Paris Peace Conf. 184.00101/6

Minutes of the Daily Meetings of the Commissioners Plenipotentiary, Thursday, February 6, 1919

  • Present:
    • Mr. Lansing
    • Mr. White
    • Mr. Herter

1. Mr. Herter brought to the attention of the Commissioners the decision which they had reached on February 4th,21 in regard to the present impossibility of rendering any assistance to Mr. Tredwell and Mr. Kalamatiano in Russia, and then read a memorandum prepared by Dr. Lord suggesting that the Bolsheviki be informed that

The American Government demands the immediate restoration of Mr. Tredwell;
That it insists upon its demand of Dec. 7th with regard to Mr. Kalamatiano;
That its future attitude towards the Soviets, particularly in the conference to which an invitation has been issued, must be materially influenced by the reply made to the present demands. Failure to comply with them could only be taken by us as an indication that the Soviets were minded neither to maintain justice at home nor to respect the rules of international law, and we should have to act accordingly.

Mr. Lansing observed that Dr. Lord’s suggestions were very good but that he did not see how they could possibly be conveyed to the Bolsheviki. The invitation to the Prinkipo conference had not been issued to the Bolsheviki alone, but to all factions in Russia, and the government of the United States had never had any official communications either directly or through a third power with the Bolsheviki. Mr. Lansing observed, however, that it might be possible for the American delegates to the Prinkipo conference to take up this question informally with the representatives of the Soviet government, but that until that moment nothing could be done.

It was decided that no action should be taken at the present time in the cases of Mr. Tredwell and Mr. Kalamatiano, but that this matter should be brought to the attention of the American delegates who might be sent to the proposed Prinkipo conference.


The draft of telegram attached to Memorandum No. 42 was approved.

3. Memorandum No. 43 was read, which again brought up the question of increasing Mr. Sweetser’s salary as recommended in Memorandum No. 15 of January 31, 1919.22 There was also read a note from Mr. Ray Stannard Baker explaining in detail the necessity for increasing Mr. Sweetser’s salary. Mr. Lansing observed that in view of the further explanations which had been furnished in this matter he would be glad to see Mr. Sweetser’s salary raised to a figure amounting to the equivalent of an army Captain’s salary plus the 40 francs a day subsistence allowance which was allowed to officers attached to the Commission. Mr. Herter undertook to determine the exact figures involved.

It was decided that Mr. Sweetser’s salary should be increased to the equivalent of a Captain’s pay plus the equivalent of 40 francs per day.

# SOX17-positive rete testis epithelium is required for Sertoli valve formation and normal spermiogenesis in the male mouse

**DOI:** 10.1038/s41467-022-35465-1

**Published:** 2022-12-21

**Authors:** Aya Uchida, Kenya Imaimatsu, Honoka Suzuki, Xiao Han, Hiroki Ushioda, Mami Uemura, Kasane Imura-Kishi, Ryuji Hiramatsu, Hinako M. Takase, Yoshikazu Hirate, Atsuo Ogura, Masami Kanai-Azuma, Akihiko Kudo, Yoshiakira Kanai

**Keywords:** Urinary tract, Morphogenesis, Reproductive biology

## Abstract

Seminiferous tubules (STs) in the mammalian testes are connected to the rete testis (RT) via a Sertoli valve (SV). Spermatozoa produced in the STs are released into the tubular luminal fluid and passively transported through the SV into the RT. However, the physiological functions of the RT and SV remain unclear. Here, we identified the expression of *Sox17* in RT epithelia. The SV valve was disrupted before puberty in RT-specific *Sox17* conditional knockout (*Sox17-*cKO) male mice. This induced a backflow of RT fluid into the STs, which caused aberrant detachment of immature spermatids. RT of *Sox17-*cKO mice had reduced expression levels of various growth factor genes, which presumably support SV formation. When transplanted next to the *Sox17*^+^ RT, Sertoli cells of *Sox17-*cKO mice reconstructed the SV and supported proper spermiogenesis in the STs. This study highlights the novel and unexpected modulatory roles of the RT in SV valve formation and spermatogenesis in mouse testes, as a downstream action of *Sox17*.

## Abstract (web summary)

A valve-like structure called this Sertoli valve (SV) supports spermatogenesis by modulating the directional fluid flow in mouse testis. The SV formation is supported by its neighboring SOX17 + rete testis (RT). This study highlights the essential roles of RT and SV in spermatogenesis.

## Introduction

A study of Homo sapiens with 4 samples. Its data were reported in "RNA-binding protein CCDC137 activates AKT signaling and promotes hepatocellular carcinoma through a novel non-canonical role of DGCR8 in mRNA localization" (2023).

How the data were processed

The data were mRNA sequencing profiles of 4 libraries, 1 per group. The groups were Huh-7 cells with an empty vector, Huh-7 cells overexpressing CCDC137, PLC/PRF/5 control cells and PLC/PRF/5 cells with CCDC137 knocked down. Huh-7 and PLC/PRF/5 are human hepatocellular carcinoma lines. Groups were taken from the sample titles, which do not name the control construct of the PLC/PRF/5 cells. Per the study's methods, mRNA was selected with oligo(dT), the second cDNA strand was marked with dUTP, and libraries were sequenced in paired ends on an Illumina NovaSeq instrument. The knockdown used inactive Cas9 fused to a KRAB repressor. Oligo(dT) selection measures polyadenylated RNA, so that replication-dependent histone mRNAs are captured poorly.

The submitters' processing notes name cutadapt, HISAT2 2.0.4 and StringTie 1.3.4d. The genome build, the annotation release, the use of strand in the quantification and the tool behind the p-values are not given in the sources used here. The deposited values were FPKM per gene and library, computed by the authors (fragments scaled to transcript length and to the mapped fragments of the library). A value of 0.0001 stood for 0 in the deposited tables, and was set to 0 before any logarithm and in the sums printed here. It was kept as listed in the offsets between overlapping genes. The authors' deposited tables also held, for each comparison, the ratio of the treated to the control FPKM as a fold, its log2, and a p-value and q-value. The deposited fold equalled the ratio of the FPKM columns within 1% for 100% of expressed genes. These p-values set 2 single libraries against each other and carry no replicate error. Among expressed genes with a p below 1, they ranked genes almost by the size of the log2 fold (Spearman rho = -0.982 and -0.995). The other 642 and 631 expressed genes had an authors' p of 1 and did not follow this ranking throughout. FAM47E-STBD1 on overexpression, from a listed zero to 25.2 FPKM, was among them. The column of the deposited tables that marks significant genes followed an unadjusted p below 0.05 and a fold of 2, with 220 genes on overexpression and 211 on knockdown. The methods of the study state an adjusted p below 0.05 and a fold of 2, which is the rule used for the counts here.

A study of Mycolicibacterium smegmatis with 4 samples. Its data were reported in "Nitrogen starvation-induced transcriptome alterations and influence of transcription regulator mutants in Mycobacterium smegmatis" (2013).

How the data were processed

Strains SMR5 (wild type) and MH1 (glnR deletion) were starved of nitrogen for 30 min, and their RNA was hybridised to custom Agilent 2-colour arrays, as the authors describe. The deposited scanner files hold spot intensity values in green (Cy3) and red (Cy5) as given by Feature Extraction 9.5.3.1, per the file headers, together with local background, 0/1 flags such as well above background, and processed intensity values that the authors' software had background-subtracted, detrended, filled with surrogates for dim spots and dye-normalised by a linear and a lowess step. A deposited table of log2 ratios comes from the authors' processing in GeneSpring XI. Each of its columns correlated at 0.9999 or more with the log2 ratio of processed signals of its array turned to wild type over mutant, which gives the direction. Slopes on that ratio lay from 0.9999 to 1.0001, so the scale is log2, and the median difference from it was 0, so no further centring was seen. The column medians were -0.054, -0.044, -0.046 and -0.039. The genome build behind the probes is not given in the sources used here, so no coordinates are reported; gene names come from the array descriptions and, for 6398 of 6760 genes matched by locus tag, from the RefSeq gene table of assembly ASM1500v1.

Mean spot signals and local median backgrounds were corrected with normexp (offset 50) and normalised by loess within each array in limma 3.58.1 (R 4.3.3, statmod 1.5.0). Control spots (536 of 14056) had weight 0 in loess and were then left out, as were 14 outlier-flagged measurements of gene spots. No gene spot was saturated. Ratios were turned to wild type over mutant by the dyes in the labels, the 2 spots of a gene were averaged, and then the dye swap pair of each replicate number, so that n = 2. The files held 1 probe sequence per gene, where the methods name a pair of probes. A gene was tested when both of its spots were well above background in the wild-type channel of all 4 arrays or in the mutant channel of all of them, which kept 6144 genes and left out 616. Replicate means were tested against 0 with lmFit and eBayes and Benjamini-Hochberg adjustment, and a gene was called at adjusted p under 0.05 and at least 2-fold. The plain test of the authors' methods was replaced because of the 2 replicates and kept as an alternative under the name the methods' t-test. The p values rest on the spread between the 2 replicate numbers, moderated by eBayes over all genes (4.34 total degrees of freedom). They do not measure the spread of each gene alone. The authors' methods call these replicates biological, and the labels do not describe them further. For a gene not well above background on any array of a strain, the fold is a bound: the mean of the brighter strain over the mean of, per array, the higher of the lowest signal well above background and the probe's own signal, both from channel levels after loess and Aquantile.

4. Mr. Herter read Information Memorandum No. 6 as well as several extracts from the French press to indicate the attitude which that press was taking in regard to the President’s speech in the Chamber of Deputies and the feelings of America generally.

Mr. Lansing and Mr. White while expressing their indignation at the comments of the French press felt that it would be inadvisable to attempt any counteracting influence at the present time, that it would be better merely to ignore the whole question.

5. Information Memorandum No. 7 was read indicating Mr. Horvath’s point of view with regard to concluding an armistice with the Bolsheviks. Mr. Lansing stated that he agreed heartily with the opinion expressed that the Bolsheviks would undoubtedly violate the terms of any truce.

6. Memorandum No. 8 was read in regard to the views expressed in the Nichi Nichi on Japanese claims. Mr. Lansing observed that the attitude of the Japanese was extremely disquieting, particularly in its relation to China, and that he felt that this was the time for us to have it out once and for all with Japan. Mr. White added that the Japanese had undoubtedly viewed with great apprehension our tremendous war preparations during the present war and of course if it came to a direct issue between us Japan would be in a greatly inferior position because of her relatively inferior economic and financial strength. Mr. Lansing stated that this was absolutely true. He also stated that it was America’s duty to support China.


It was decided that one copy of the [minutes of the] secret meetings of the conference at the Quai d’Orsay should be distributed to one competent person in the office of either Mr. Davis, Mr. Baruch or Mr. McCormick and that this one copy should serve for the information of all three of these gentlemen.

  1. See minute 8, p. 16.
  2. See meeting of February 1, minute 3, p. 7.